Eskom is mocked as “Eishkom” in South Africa but President Jacob Zuma on Tuesday told Nigeria’s parliament the electricity utility had something to teach them.

Both countries have erratic power supply to business and individual customers. Eskom is maligned for failing to ensure adequate maintenance and investment in its infrastructure‚ which has led to compulsory electricity cuts known locally as load-shedding.

This is compounded by ageing municipal infrastructure and cable theft‚ which also results in frequent‚ ongoing suburb-based outages.

But on Tuesday‚ Zuma told Nigerian MPs in Abuja: “Our experience in electricity generation can also be tapped into‚ to assist in Nigeria’s electricity generation”.

The president was on the charm-offensive‚ promoting bilateral economic relations between the two countries‚ which he said had significantly improved in the last 16 years.

More than 120 South African companies operate in Nigeria currently‚ a huge growth from a mere four companies in 1999‚ he said.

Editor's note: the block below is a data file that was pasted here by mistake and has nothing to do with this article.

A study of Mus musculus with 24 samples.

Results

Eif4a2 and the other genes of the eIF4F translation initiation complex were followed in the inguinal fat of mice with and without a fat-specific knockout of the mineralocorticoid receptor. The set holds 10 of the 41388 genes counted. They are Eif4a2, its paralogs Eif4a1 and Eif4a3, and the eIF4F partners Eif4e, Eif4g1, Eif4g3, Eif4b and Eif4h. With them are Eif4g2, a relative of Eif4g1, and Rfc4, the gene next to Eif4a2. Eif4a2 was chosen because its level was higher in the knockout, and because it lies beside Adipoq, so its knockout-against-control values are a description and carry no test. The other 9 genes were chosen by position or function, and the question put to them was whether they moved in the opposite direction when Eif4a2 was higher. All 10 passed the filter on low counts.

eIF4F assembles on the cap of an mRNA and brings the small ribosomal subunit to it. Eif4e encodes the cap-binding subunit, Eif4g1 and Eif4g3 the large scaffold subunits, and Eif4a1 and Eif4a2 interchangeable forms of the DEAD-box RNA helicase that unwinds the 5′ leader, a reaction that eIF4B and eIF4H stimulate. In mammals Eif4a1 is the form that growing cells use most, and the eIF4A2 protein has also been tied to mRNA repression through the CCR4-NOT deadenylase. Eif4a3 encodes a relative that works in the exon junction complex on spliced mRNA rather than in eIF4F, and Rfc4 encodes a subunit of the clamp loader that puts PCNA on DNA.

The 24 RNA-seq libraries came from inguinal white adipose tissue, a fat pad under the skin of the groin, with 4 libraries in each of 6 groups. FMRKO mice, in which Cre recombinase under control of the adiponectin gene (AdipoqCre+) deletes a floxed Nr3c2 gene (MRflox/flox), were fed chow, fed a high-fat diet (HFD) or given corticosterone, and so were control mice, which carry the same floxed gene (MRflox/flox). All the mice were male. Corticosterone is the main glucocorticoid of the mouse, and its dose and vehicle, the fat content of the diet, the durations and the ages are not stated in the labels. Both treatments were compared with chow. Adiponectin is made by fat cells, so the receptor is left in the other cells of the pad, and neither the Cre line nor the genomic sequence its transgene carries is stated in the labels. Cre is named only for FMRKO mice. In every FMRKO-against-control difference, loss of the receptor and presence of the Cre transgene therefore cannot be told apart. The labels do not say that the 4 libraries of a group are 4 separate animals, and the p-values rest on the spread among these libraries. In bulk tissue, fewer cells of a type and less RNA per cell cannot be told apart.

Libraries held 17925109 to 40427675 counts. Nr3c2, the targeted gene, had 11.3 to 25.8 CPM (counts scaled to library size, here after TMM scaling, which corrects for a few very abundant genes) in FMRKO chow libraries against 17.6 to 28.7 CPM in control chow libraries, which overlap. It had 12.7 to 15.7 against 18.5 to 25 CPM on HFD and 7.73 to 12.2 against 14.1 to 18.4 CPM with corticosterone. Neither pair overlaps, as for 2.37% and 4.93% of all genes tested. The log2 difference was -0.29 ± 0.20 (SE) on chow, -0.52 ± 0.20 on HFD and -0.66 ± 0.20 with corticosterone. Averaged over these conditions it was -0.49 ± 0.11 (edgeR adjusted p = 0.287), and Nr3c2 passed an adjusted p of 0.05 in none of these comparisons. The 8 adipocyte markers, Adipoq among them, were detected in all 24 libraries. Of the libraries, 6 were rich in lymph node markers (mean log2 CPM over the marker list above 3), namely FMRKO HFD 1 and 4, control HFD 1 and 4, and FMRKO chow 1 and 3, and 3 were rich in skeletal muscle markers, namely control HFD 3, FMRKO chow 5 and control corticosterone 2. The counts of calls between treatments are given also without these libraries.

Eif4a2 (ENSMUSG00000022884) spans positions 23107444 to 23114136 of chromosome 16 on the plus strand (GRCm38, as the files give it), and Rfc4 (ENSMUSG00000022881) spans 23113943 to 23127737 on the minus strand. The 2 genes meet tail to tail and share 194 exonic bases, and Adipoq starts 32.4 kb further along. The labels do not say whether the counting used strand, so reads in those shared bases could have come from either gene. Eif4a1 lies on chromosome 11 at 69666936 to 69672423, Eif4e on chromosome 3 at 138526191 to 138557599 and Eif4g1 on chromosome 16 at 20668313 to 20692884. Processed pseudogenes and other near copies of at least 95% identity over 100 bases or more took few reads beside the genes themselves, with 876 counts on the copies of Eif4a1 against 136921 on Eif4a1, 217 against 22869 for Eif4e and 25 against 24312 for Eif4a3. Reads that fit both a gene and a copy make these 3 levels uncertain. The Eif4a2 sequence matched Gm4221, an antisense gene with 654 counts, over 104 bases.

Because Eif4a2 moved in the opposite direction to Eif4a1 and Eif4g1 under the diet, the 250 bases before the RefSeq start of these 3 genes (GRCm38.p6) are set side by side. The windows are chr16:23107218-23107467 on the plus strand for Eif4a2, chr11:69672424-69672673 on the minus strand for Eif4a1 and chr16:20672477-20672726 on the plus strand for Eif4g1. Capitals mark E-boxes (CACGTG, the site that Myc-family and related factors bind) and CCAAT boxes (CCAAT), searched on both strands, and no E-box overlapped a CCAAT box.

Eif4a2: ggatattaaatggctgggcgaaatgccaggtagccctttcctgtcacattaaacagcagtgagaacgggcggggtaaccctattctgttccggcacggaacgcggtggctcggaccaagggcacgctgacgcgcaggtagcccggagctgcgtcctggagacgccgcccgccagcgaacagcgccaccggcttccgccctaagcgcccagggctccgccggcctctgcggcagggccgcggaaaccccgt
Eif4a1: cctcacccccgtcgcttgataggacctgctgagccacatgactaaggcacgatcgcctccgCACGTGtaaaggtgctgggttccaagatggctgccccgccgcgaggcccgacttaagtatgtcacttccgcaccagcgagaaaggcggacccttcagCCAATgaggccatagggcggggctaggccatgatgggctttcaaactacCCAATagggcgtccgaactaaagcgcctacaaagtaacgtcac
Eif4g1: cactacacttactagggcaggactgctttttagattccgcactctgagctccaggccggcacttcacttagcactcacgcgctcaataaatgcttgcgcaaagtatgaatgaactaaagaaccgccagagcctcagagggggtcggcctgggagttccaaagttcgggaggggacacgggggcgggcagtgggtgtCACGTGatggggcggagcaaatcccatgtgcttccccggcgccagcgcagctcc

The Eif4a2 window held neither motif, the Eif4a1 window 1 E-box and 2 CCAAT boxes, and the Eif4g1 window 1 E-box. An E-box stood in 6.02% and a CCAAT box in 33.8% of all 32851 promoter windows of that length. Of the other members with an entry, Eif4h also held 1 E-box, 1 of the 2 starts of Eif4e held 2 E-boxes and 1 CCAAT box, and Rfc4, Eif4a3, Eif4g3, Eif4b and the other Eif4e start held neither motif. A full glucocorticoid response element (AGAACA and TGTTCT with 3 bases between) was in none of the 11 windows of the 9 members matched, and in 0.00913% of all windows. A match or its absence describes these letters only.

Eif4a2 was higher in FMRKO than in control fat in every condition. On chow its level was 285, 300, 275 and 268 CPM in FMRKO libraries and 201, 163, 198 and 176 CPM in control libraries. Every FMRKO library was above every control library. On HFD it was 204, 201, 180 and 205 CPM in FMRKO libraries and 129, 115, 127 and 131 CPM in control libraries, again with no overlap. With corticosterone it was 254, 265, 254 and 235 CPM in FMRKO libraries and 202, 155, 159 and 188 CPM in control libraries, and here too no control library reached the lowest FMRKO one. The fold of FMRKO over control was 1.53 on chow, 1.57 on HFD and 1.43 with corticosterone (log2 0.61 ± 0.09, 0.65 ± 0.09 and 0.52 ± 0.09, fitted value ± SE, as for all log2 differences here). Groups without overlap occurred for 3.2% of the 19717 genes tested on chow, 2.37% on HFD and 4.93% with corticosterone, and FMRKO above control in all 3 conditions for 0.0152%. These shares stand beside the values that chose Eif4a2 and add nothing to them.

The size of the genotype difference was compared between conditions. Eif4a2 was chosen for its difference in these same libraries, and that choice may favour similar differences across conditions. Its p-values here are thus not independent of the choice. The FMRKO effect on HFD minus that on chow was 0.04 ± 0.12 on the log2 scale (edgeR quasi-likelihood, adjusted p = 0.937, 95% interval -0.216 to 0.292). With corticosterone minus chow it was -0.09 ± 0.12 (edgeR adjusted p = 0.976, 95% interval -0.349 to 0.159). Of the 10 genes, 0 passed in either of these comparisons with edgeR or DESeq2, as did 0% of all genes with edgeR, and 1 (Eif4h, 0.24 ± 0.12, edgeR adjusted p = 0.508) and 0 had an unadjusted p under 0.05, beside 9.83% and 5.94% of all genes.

“Nonetheless‚ there is room for greater business to business engagements particularly in the areas Nigeria has identified as potential growth sectors. These include the diversification of the economy‚ namely electricity generation and supply‚ agriculture and agro-processing‚ tourism development including the hospitality sector‚ mining‚ banking‚ infrastructure development‚ aviation‚ manufacturing and the automotive sector.”

Nigeria and South Africa should break away from the colonial legacy that turned Africa into providers of primary commodities and recipients of processed goods‚ said Zuma.

“This is important because the current state of affairs makes Africa vulnerable to the volatilities of the international economy that sustains the uneven terms of trade.

“We must strive for the diversification of our economies‚ so as to cast the net wide enough to create more job opportunities for our people‚ to improve their living conditions and grow our economies through domestic resources in the first instance.”

In particular‚ Zuma said‚ manufacturing plants should be brought closer to the sources of raw materials. “South Africa and Nigeria can to a large extent complement each other towards the achievement of this.”

“The current global economic climate‚ as the previous global economic crisis‚ has exposed the vulnerability of our economies and currencies and thus calls for concerted efforts toward South-south and intra-Africa cooperation.”

The post-2015 development agenda‚ the Sustainable Development Goals (SDGs)‚ needed to be led from the front by collaboration between South Africa and Nigeria on behalf of Africa‚ as the biggest economies on the continent‚ Zuma said.